Self-enrichment with Zettelkasten—or, How I Learned To Stop Worrying And Start Writing
The Zettelkasten/slip-box system is a methodology whereby the writer takes small, atomic notes, designed to be linked to other notes and topics. A comprehensive thought might be made up of multiple notes, all linked to and relying on each other for context and further knowledge. The original method used physical cards and containers, hence the name (Zettelkasten is German for slip-box) but nowadays there are plenty of digital tools to accomplish a similar goal. This blog and even this very post actually live in my own slip-box, and as with most other posts here started out as individual small notes, later composed into a larger comprehensive post for publishing.
Why digital notetaking is bad (for me)
When it comes to notetaking, there is research showing that physically writing something down can help you remember it better. Personally my handwriting is garbage, I don’t like the feeling of a pencil on paper, and I can write much much faster with a keyboard, so that’s how I lean. However, writing digitally and the ease at which one can restructure and rewrite notes led to me heavily focusing on the note presentation over the actual subject matter; even if it wasn’t being written on a physical notepad, I would imagine that helped break whatever association I could have had between the physical action of typing and the memory, seeing as how I would often not recall notes I would write.
I would also focus overmuch on how notes were stored hierarchically. I grew up on folder structures and filesystems, so that kind of organizational structure was second nature, and I used it for everything. Whenever possible I would always opt for a verbose, top-down structure over anything else. Using tags for organization was akin to heresy in my eyes, since if it has a place it should simply be in its place, right? It was only recently (as of the posting of this essay) that I began to think differently.
Without the mental link between the note and the memory, with my notes often left incomplete due to a strenuous focus on presentation, and with a lack of discoverability due to inflexible and fragmented folder organization, my notes became meaningless. I would never bother looking up past notes due to the difficulty, the information being essentially lost. Sometimes I would even end up rewriting a note that I had forgotten I’d written.
Why digital notetaking isn’t bad (for me)
There was some internal anguish at first when I opted to not use a folder structure like I was used to when first implementing Zettelkasten with Obsidian, but the whole reason why I was looking for something new was because the old method wasn’t working. What I found when being forced to write small, compact, to-the-point, bottom-up notes meant the rigid organization, formatting, and prose I limited myself with were no longer concerns. There was a sense of freedom in that. It not only helped me get back into the joy of writing more frequently, and helped in organizing my often disjointed thoughts, but also helped me stop judging my own notes, and let me simply observe my thoughts as they were. Doing so helps me to better solidify the memory of the topic by observing and engaging with it, even without a pen and paper. And it’s not like I can’t later go back and restructure and merge notes together into a larger document, if I really want—in fact, this blog post (nay, the entire blog) started out under such a scenario.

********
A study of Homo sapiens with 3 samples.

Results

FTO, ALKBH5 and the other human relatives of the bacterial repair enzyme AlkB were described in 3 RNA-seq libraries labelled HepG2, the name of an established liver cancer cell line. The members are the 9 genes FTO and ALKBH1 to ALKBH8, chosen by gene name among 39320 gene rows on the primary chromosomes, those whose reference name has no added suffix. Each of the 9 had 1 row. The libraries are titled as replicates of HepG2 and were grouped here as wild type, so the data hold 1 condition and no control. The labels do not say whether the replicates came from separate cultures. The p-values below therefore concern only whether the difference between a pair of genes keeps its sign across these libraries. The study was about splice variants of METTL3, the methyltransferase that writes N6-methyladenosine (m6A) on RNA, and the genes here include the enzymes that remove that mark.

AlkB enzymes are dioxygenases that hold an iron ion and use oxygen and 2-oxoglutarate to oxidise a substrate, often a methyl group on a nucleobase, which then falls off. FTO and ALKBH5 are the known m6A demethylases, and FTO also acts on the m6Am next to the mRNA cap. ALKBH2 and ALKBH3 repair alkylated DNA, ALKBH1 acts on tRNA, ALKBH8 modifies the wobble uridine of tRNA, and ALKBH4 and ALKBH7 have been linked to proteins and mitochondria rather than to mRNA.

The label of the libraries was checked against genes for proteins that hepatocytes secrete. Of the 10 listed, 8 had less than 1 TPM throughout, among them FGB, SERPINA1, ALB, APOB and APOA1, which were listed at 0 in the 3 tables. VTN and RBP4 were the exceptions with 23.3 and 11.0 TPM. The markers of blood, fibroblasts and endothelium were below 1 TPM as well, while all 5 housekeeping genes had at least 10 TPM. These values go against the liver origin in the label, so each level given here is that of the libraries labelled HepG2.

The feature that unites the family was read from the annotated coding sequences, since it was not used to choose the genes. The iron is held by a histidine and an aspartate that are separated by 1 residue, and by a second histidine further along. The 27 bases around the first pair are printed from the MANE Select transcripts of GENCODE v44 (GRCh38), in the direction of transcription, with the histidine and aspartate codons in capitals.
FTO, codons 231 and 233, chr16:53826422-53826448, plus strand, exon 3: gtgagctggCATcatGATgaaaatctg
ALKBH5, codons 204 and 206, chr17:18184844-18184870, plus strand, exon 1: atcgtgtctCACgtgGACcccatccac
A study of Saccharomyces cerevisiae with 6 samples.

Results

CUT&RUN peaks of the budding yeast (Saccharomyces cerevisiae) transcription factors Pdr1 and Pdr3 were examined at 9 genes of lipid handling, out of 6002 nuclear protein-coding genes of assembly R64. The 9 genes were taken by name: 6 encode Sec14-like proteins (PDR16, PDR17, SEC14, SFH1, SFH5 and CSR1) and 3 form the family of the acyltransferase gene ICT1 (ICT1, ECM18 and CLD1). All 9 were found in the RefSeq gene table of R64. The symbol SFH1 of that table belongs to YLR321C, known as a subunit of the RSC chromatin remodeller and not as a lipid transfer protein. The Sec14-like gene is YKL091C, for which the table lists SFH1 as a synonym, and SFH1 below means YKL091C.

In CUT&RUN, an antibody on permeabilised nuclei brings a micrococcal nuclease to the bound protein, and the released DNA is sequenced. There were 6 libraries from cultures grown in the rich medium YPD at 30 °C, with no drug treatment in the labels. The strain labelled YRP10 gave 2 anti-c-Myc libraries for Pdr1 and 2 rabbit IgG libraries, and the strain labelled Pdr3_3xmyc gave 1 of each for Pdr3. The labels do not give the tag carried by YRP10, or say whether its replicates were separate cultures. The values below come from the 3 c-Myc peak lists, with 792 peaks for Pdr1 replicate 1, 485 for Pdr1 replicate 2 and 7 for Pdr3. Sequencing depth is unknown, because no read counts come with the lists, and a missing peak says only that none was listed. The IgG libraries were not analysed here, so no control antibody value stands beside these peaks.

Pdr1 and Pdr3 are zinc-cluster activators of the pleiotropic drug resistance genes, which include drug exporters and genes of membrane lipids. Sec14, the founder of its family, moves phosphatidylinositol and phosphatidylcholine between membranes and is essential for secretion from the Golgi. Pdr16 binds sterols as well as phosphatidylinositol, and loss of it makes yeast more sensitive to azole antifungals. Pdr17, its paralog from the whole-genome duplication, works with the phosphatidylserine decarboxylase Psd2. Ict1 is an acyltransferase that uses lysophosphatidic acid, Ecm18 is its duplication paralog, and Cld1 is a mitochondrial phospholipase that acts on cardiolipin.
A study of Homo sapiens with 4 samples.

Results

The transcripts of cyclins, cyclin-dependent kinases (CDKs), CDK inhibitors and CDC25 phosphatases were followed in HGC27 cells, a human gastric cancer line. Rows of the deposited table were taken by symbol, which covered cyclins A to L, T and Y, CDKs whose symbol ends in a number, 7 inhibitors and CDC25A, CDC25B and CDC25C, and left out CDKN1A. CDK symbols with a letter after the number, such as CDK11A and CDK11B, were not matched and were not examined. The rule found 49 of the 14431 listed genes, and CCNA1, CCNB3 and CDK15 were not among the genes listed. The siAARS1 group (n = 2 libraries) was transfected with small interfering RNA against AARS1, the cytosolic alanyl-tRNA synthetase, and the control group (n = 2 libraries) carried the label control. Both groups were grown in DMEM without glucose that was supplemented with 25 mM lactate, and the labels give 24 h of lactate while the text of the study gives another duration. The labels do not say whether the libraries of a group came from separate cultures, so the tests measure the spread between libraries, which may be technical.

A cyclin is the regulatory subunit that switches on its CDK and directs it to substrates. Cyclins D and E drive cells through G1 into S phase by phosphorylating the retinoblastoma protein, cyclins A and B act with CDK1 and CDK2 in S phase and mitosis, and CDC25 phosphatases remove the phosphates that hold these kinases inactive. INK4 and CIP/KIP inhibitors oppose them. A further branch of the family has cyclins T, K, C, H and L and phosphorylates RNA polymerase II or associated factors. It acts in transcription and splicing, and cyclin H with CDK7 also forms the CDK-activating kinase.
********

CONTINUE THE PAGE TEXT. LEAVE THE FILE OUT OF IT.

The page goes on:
Zettelkasten is ultimately just a system to structure and store information, and is only the solution to part of the problem when it comes to notetaking. The most prolific use of the method before modern software brought it back into the public consciousness was for organizing research for scholarly pursuits. However, due to its similarity in how the human brain stores and retrieves information in a fragmented way, the structure can easily be adapted for other personal pursuits—like as a “second brain” knowledge base, as the basis for a personal wiki, for short- or even long-form mind mapping, Q/E/C, and other personal knowledge management. I personally utilize my Obsidian vault following the “second brain” concept. I think this article by Forte Labs does well in explaining it from a general digital notetaking perspective, and also offers some alternative software to Obsidian.
Despite my penchant for structure and organization, the flowing, bottom-up approach recommended by many Zettelkasten adherents—something I in the past would have called cluttered and impossible to navigate—has really ended up working out in a way I never thought possible. From note taking, todo lists, or even this blog—there is a lot of power in short, compact, digitally portable notes. And while this essay is not meant to be an explicit advertisement for Obsidian (especially with it being closed-source software, something I am personally at odds with context/ideas/blog ), the plugin ecosystem, community, and general structure are all quite incredible, and I can only see my graph continue to grow.